How much does it take to hack a mobile network?
Is electronic government secure
in the era of WikiLeaks and Anonymous?

Is SCADA hacking a Hollywood fiction
or the nowadays reality?
Internet banking: is there any chance to win
over the fraudsters?

Cyber-crimes, cyber-espionage, cyber-war: where do we draw a borderline?


Tuesday, May 28, 2013

Students Found SCADA Vulnerabilities at PHDays

Mikhail Elizarov, a first year student of the North-Caucasus Federal University (Nevinnomyssk, Stavropol Territory), and Arseny Levshin, a student from Minsk, won the contest related to SCADA security assessment, which took place as part of the international forum Positive Hack Days III.

SCADA is used to control important objects in such sectors as energy, transportation, etc. For instance, such systems are employed in nuclear power plants and electric trains. Any SCADA failure can lead to a disaster and extensive damage, however, the developers of such systems still pay little attention to their software security. This was proved by the contest results.

The Choo Choo Pwn participants needed to detect and exploit the vulnerabilities of industrial equipment used to control and automate technological processes. The contest was aimed at accessing the control system of a railroad and cargo re-loading model and at bringing down a video surveillance system as part of an extra task.

Alexander Timorin, Ilya Karpov, Gleb Gritsay, and Dmitry Efanov, the information security experts at Positive Technologies, were engaged in development of the railroad model and SCADA.

Mikhail Elizarov told us about the competition, "At first, we tried to obtain control over the re-loading system, which was running on Modbus. We managed to detect a system, which emulated this protocol. It allowed us to find out control bits and render them to the system gaining control over the crane. We could hardly detect all the vulnerabilities of the provided protocols — we were short of time."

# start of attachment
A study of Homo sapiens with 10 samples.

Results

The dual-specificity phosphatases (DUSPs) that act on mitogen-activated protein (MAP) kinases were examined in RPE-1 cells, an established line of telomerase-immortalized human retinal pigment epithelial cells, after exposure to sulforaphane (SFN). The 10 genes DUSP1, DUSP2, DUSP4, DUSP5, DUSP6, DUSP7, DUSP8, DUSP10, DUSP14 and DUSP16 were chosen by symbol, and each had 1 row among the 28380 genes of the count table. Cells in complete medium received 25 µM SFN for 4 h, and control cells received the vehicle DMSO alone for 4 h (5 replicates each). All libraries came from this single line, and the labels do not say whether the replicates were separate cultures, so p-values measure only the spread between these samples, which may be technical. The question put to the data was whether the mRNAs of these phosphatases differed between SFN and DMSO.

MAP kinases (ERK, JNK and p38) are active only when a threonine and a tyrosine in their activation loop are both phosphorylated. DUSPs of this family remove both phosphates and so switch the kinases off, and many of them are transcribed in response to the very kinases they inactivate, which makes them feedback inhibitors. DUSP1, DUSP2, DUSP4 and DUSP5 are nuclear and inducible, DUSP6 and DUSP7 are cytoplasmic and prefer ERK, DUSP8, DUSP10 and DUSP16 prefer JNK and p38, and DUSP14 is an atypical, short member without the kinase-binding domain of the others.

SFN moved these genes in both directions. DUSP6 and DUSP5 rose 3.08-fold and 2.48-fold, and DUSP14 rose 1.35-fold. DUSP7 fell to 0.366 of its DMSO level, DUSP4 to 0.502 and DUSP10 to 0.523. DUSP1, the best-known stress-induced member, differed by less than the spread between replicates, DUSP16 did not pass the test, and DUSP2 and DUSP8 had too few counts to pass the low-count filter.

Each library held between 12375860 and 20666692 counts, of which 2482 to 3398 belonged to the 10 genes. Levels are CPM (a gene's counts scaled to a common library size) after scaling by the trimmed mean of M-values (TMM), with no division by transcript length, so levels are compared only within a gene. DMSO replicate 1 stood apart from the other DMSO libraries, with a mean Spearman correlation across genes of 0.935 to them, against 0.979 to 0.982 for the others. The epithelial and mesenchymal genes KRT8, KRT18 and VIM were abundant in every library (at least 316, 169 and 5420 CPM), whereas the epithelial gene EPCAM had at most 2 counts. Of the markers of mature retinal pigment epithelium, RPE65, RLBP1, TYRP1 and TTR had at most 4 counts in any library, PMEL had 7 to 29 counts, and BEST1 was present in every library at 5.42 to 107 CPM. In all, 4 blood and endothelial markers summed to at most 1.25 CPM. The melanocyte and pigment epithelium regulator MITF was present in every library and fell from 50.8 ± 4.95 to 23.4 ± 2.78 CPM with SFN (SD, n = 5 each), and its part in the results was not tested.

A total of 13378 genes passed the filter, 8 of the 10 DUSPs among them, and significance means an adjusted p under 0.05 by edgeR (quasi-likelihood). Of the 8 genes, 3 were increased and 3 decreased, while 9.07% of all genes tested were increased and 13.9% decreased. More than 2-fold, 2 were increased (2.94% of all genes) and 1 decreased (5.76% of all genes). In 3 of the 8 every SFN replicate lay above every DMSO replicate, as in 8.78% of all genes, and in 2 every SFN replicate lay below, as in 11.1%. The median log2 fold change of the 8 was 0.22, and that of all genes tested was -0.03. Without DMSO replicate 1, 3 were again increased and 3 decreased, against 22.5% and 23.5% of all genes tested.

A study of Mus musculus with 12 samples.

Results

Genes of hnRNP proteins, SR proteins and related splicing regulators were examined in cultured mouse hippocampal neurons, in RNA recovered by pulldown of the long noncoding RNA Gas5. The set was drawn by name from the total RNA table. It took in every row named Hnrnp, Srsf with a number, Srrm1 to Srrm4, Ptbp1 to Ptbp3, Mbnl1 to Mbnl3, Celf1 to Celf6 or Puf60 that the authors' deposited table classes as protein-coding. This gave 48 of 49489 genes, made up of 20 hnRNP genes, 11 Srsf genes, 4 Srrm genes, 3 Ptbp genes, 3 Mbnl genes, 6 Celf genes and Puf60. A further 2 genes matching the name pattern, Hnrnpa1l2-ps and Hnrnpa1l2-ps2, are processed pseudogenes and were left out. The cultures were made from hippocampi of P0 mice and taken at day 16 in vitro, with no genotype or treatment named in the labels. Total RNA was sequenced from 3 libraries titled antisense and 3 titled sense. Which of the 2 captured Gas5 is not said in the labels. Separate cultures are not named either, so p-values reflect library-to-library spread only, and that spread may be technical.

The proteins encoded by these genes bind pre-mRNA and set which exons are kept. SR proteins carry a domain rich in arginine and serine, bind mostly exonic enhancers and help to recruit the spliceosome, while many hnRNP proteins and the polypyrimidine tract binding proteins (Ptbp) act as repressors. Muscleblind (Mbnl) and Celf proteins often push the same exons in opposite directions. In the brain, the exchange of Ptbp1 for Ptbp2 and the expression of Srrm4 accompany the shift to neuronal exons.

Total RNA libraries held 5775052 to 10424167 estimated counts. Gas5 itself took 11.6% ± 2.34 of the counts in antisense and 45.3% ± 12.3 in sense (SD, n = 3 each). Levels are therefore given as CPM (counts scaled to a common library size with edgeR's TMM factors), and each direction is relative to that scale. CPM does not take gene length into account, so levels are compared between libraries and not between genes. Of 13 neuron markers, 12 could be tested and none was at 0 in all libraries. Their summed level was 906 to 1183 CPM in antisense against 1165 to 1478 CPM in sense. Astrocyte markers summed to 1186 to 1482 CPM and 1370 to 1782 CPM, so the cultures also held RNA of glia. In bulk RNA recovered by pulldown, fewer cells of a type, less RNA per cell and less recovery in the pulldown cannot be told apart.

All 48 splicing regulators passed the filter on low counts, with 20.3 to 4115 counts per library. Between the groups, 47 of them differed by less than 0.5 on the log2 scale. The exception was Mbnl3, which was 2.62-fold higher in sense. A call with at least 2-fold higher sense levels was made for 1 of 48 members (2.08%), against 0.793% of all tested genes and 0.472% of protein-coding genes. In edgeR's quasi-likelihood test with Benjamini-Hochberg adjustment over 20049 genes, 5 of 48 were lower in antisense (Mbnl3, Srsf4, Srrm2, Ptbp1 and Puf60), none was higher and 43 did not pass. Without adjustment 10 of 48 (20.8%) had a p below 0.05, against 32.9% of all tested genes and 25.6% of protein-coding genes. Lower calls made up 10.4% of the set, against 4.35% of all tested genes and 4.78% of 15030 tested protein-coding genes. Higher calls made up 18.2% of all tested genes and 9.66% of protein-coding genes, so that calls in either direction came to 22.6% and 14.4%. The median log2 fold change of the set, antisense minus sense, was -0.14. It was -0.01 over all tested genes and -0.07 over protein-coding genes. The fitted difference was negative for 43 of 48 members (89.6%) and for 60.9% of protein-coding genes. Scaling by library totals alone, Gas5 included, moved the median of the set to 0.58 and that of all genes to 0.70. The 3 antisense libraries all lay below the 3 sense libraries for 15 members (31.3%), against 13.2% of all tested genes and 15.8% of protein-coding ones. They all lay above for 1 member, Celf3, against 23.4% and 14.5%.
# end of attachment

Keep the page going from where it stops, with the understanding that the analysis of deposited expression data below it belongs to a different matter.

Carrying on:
According to Mikhail, SCADA contains a lot of vulnerabilities because developers expect these systems to have no direct connection to the Internet, and thus do not pay due attention to security.

"Franky speaking, I've just cut my teeth on industrial protocols. The contest provided quite a serious emulation of SCADA, so it was very interesting to participate in the security assessment competition", said Arseny Levshin.

"When Stuxnet and direct ICS attacks appeared, the security of industrial systems became a top issue in publications, conferences, and researches. On the other hand, this area is Terra Incognita, which requires significant investments. Such contests allow demonstrating how low the current security level of critical infrastructure components is", resumed Sergey Gordeychik, the CTO at Positive Technologies.

It is worth noting that Mikhail Elizarov also won the contest which was held as part of the forum.

The winners received gifts from Positive Technologies, the PHDays organizer, and from the event sponsors.